You queried D/Cing Fosamax and Lipitor. Actually I think that doctor was very wise. Google Fosamax and class action suits; you'll find that Fosamax has been implicated to other fractures including something known as osteonecrosis of the jaw and more recently to femur fractures (this is very unsettling). Lipitor and other statins are notorious for having dangerous side effects.

There are other osteoporosis drugs besides Fosamax; one internist told me that the choice of drug should address the specific cause of calcium loss, and that she would do tests to determine what that cause was rather than just prescribing something like Fosamax or a tv star drug.

It was a more targeted approach than just prescribe the drug which so far I've seen seems to be quite a favorite sample of drug reps who distribute it to doctors.

Lipitor also has serious side effects and has been linked to development of Type II diabetes.

Obviously there are trade-offs in both cases, but there are also natural, non harmful methods of addressing osteoporosis and high cholesterol. JMHO. It's not my intention to foster an argument about these drugs, just to share an different approach to viewing them as.

Ref. the food, It's difficult to get people to eat something they don't want. It's only my opinion, but unless you are trying to control blood sugar, I think seniors should eat what they want. When someone is 80 years old, to me, they should get the foods they want as long as it's not causing them pain.

What I gradually realized was that I can't change this but I can modify it. So I get pies now instead of cupcakes, cakes and really sugary foods. At least pies have fruit in them. They're still high in sugar, but better than cakes or cookies.

You might try doing the shopping and gradually decreasing the sugary foods, substituting them with sweet fresh fruits and nibblers such as carrots.

Now my parents have a lot of snacks, oh my gosh all the chocolate cupcakes, Little Debbies, ice cream, etc. but that is because their taste buds are also in age related decline, and sweets is what they can still taste. Dad loves his grapes, which is good :)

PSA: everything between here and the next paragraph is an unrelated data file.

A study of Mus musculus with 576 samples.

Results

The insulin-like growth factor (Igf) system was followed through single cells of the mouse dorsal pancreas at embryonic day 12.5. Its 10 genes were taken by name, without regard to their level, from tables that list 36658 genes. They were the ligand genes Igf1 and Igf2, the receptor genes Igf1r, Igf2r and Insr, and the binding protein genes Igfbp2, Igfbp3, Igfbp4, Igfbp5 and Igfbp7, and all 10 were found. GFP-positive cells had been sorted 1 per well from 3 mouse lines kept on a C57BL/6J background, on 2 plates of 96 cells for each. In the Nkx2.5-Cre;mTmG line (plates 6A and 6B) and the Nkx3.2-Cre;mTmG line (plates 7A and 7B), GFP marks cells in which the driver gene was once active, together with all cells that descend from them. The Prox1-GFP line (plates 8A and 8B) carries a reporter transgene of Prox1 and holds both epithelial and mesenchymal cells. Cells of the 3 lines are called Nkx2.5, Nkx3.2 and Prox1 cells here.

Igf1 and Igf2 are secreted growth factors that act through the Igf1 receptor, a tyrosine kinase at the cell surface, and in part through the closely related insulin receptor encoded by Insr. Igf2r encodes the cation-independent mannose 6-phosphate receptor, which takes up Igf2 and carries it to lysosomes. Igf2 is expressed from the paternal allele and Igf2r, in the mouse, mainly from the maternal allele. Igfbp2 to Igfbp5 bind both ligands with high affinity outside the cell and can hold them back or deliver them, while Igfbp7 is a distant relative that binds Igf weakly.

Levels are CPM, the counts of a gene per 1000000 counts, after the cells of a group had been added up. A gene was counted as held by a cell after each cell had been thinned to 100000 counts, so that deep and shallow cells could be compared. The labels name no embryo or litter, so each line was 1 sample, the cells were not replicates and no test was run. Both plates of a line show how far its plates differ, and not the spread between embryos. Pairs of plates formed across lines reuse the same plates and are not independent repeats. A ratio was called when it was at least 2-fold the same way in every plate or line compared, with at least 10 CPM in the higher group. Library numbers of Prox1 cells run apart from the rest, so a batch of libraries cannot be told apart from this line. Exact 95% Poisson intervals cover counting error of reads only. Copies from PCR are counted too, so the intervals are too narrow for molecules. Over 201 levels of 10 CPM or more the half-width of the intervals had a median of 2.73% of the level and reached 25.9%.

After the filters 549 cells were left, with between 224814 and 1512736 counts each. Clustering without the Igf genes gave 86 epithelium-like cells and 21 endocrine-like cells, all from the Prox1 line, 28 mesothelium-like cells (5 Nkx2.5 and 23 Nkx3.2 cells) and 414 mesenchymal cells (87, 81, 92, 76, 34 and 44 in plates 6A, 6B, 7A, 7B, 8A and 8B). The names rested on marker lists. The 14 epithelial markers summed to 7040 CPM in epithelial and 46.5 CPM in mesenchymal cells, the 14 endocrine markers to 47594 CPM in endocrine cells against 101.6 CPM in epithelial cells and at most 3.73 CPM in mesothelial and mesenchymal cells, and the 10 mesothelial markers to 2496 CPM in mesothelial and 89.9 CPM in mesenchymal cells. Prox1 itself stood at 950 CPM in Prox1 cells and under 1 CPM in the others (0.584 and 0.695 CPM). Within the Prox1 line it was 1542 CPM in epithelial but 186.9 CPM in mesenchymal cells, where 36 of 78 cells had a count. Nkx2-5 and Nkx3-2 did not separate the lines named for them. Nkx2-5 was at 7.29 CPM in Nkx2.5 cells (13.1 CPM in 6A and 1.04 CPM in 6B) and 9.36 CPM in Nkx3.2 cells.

I always believed once you reach a certain age you should eat what you want. My parents are in their 90's so apparently they are doing something right. So I am not going to make notice of all those sweets.

Something you can do is work with your father's preferences, instead of worrying about the changes so much. Maybe he would like things like a salad with a boiled egg and some fruit. Or perhaps for dinner he would like one of the breaded fish fillets with some potato and green beans. These meals would be light and still nutritious (if salt is not a problem for him).

If he is gaining weight, it can be a problem. My mother is in the same stage now where she snacks on fattening things when I'm not looking. The only thing to do is what you are doing -- make them unavailable except what it is okay for him to have. It sounds like your mom is doing everything right. She may want to stop buying the things that are very fattening, maybe just buying an individual yogurt or two and not buying the instant breakfast. It's good that your dad has an appetite, but too much weight makes it harder to stay mobile.

Really, it sounds like you are doing just about as well as can be expected without locking up the food. That would probably be very upsetting, though, so I know you don't want to do that if you don't have to.

You know, there will come a time in both of your parents' lives that you will pray that they reach for a snack. Tell mom to stop obsessing about it, and change your shopping style. Since he can only eat what you bring into the house, shop with nutrition in mind. I say let him eat what he wants.